Reid Williams

FRISCO – Someday, Josef Houfek will return to the Czech Republic. He can’t say when, but it will probably be when he’s learned enough to get his dream started.

The 32-year-old Tiger Road resident first came to the United States in 1996. He joined friends in New York City – friends he still visits regularly – before moving on to Massachusetts, Montana and finally Colorado. He’s glad he came to Summit County three years ago, he said.

“Another Czech friend called me in Montana and asked me what I was planning on doing,” Houfek said. “I told him I was planning on going back to New York and he said, if I wanted, I should come see this beautiful place.”

The Czech Republic has mountains, Houfek said, but nothing as big as Summit County’s. Here, he takes full advantage of opportunities to snowboard, bike and hike. For him, the mountains have a certain indescribable quality that draws him to them.

“My favorite thing is nature and all the activities,” Houfek said. “And the people are very friendly. I don’t think I want to live in a big city.”

Houfek works for the Summit Recycling Project in Frisco. He spent Saturday assisting other SRP workers, volunteers and hazardous materials experts sifting through the waste brought to the Fire Training Center at the County Commons for Household Hazardous Waste Day.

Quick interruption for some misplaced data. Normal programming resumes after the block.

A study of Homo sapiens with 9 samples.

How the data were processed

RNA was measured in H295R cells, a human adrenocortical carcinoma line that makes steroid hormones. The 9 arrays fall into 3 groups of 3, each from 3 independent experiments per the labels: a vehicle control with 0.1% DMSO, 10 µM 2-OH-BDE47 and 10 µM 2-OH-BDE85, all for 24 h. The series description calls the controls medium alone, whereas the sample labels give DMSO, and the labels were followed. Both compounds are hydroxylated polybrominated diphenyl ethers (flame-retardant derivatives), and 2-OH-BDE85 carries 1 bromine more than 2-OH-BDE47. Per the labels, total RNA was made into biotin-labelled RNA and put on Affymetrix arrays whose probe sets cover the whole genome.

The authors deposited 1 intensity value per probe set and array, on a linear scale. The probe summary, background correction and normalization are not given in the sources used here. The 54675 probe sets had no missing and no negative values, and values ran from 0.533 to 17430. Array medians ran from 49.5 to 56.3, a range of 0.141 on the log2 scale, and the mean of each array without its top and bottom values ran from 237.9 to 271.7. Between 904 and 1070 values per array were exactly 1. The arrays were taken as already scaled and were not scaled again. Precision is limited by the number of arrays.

His goal, he said, is to learn enough about recycling and waste to return to the Czech Republic and start a national program at home. He landed the position in Frisco by accident, however. Houfek said he read about the recycling project in the Summit Daily News and contacted project staff to ask questions related to his idea for a Czech recycling program. The Summit crew quickly offered him a job.

“I would like to do something like this in the Czech Republic,” Houfek said. “Not too many people recycle there and it’s something we need.”

The job also gives him plenty of practice speaking English. Houfek said his idiosyncratic speech frequently makes his co-workers laugh. “Then I tell them, “Don’t make me mad or I only speak Czech,'” he said jokingly.

“Maybe it won’t be perfect ever, but I like to practice and learn more,” Houfek said.

He won’t be going home soon – at least, not before he travels more. Houfek said he wants to see Alaska and he envisioned himself touring the West Coast for a while – anywhere with wilderness to enjoy. And with the growth in Summit County, Houfek amusingly wonders how long he can enjoy it here.

“Yes, I have seen some changes only in three years,” he said. “Maybe after five years, Breckenridge and Frisco will be one town.”